WASHINGTON – A sweeping enterprise search project is allowing some of the world’s top researchers to speed up the pace of scientific discovery, according to a National Aeronautic and Space Administration (NASA) official who spoke Tuesday at the Enterprise Search Summit 2010.
Scientists and engineers at the NASA Langley Research Center in Hampton, Va., are known for tackling tough problems. Their efforts helped make it possible to land human beings on the moon and they have been instrumental in sending robotic ambassadors to far-off worlds. They also regularly take on more earthly concerns, like global climate change, ozone depletion and improving the commercial air transportation system.
The work requires NASA Langley’s nearly 2,000 scientists and engineers to access and search numerous sources of digital information, including internal and external databases, scientific journals, expert directories and websites. But it became apparent about four years ago that something needed to be done to improve NASA’s enterprise search capabilities, said Manjula Ambur, NASA Langley’s information management branch chief.
Speaking to a crowded room at the Enterprise Search Summit, Ambur explained that NASA researchers had become hindered by time-consuming and relatively labor-intensive searches that often returned questionable results. NASA workers usually had to log in to multiple systems to complete the searches, and there was no common search interface that could simultaneously display results from both internal and external sources.
“We had made considerable progress in providing lots of content to our [researchers], but it also started to frustrate them,” Ambur said. “Where do I start my search? Do I look for experts? Do I look into the electronic databases and journals? Or do I look at the websites that other organizations have created?”
NASA turns to Google for enterprise search appliance
Determined to improve NASA’s enterprise search capabilities, Ambur and her IT team began talking to researchers to figure out how to make their lives easier. The investigation revealed that the scientific community often uses Google.com, the popular public search engine, for its information-gathering needs.
Ambur said NASA researchers knew that they wouldn’t always get what they needed from Google, because much of the highly technical information they require is not available to Google’s search engine. But the frazzled researchers would often turn to Google anyway in the hopes of getting lucky.
After investigating the collective search engine experiences at NASA centers throughout the United States, Ambur’s team decided to purchase the Google Search Appliance – a combination of enterprise search hardware and software that can be deployed within the secure confines of an organization’s firewall, and can therefore be customized to access information not available on Google.com. The search engine giant offers the Google Search Appliance through a partnership with Dell Computer Corp., which supplies the hardware.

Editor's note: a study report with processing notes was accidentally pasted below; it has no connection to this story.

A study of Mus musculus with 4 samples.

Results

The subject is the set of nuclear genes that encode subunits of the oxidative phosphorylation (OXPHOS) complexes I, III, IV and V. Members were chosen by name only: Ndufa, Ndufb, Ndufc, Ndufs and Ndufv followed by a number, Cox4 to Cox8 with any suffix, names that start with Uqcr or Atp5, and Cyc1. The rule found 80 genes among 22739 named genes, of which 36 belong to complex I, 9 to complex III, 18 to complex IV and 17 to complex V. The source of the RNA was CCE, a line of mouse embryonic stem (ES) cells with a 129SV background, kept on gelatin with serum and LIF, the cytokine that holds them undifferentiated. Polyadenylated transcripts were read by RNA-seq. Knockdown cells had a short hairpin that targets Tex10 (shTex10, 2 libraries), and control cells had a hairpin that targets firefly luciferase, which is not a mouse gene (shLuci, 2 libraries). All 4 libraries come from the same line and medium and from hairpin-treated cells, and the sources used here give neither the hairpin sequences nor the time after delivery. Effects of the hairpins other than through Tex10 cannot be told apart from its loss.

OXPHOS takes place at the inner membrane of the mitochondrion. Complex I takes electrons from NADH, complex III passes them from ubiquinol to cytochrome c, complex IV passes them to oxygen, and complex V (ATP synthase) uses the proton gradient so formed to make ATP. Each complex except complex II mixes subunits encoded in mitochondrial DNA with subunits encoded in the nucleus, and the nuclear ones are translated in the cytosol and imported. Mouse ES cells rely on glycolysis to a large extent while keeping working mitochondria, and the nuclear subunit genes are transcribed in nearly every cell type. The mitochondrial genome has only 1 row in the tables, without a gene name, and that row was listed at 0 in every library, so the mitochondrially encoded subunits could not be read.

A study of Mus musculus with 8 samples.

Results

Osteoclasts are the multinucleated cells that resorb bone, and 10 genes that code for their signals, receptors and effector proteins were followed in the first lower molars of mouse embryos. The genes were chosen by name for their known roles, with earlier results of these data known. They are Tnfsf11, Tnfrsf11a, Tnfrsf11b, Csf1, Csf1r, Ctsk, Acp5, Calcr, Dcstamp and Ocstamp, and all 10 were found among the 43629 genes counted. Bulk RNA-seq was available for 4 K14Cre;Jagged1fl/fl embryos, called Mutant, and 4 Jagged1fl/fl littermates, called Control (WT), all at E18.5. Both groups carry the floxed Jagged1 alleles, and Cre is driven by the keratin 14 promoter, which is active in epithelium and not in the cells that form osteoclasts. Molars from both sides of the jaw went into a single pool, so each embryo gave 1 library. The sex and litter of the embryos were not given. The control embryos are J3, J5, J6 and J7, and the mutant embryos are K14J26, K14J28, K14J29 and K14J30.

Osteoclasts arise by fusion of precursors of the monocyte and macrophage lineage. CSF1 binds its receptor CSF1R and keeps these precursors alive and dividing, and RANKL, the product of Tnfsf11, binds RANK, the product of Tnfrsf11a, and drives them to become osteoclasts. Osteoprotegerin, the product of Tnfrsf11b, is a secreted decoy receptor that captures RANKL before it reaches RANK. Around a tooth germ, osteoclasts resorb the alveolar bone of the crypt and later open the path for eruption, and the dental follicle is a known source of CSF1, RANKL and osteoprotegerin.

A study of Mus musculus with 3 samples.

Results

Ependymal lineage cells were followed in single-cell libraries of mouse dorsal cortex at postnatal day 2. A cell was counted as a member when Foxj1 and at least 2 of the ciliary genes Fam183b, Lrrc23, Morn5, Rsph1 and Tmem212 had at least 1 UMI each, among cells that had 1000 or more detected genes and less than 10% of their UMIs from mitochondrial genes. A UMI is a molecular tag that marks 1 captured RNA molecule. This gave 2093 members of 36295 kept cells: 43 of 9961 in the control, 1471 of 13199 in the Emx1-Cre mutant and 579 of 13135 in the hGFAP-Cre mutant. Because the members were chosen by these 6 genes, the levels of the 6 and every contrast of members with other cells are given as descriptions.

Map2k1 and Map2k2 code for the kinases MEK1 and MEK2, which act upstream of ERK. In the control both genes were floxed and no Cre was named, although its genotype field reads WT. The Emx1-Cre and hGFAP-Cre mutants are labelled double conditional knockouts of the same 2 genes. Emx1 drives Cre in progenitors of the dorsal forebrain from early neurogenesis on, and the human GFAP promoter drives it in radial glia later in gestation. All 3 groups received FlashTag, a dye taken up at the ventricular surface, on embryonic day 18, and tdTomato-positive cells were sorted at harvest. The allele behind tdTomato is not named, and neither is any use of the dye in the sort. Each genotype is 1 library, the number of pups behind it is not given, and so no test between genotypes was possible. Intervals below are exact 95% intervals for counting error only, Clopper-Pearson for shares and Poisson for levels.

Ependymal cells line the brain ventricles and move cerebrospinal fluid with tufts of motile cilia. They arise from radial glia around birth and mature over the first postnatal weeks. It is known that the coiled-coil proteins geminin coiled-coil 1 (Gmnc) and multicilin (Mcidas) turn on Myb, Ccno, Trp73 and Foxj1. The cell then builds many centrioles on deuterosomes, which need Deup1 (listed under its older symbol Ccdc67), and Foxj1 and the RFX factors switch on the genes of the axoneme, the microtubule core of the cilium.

“We really went with what users were looking for,” Ambur said. “And our investigation [revealed that the Google Search Appliance had] a good chance of meeting some of their goals and expectations.”
But getting the new enterprise search system to work properly would require a significant amount of collaboration between NASA technology professionals and Google itself. Ambur put together a team of core Web developers to oversee the technical side of the operation, as well as a group of information specialists who understand content and could help refine and improve search results.
“We wanted to integrate internal and external [information sources] into one place,” Ambur said. “And of course, NASA does carry some persuasion, I guess, so [Google was] very helpful in configuring the system to do what we wanted.”
Enterprise search project presents security concerns
The Google Search Appliance is currently up and running at NASA Langley, and plans are in the works to expand the system to more NASA centers.
Ambur said researchers now have a common interface through which they can search myriad information sources. The interface also gives users the option to easily toggle back and forth between internal and external search results. But the NASA Langley IT team had to overcome some major security concerns before the system gained acceptance.
Accessing private information sources from both inside and outside of NASA, while also returning public results from Google.com led to fears that some of NASA’s sensitive information would somehow end up available via Google’s public search engine, and steps had to be taken to make sure this didn’t happen.
“I have to say we have underestimated this entire IT security challenge. Some of it was technical, and a lot of it was perception. When we bought the Google Search Appliance it was considered a black box, and [NASA officials] were very, very skeptical,” Ambur said. “We did take some time to work through these issues, and we installed a test environment to make sure that it wasn’t doing anything that it shouldn’t be doing.”
More security questions arose around the issue of technical support. NASA officials were adamantly opposed to giving Google technical support workers – or anyone else for that matter – remote access to the enterprise search system when problems popped up. As a result, NASA decided that any technical support issues would be dealt with “through a human interface on our end,” Ambur said.
Enterprise search lesson learned
According to Ambur, the moral of NASA’s story is that enterprise search is a very big and important component of knowledge management, and one that should not be ignored.
“It doesn’t matter what organization you are in. It doesn’t have to be NASA and it doesn’t have to be a scientific or technical company,” she said. “The bottom line is helping your knowledge workers find whatever information they need.”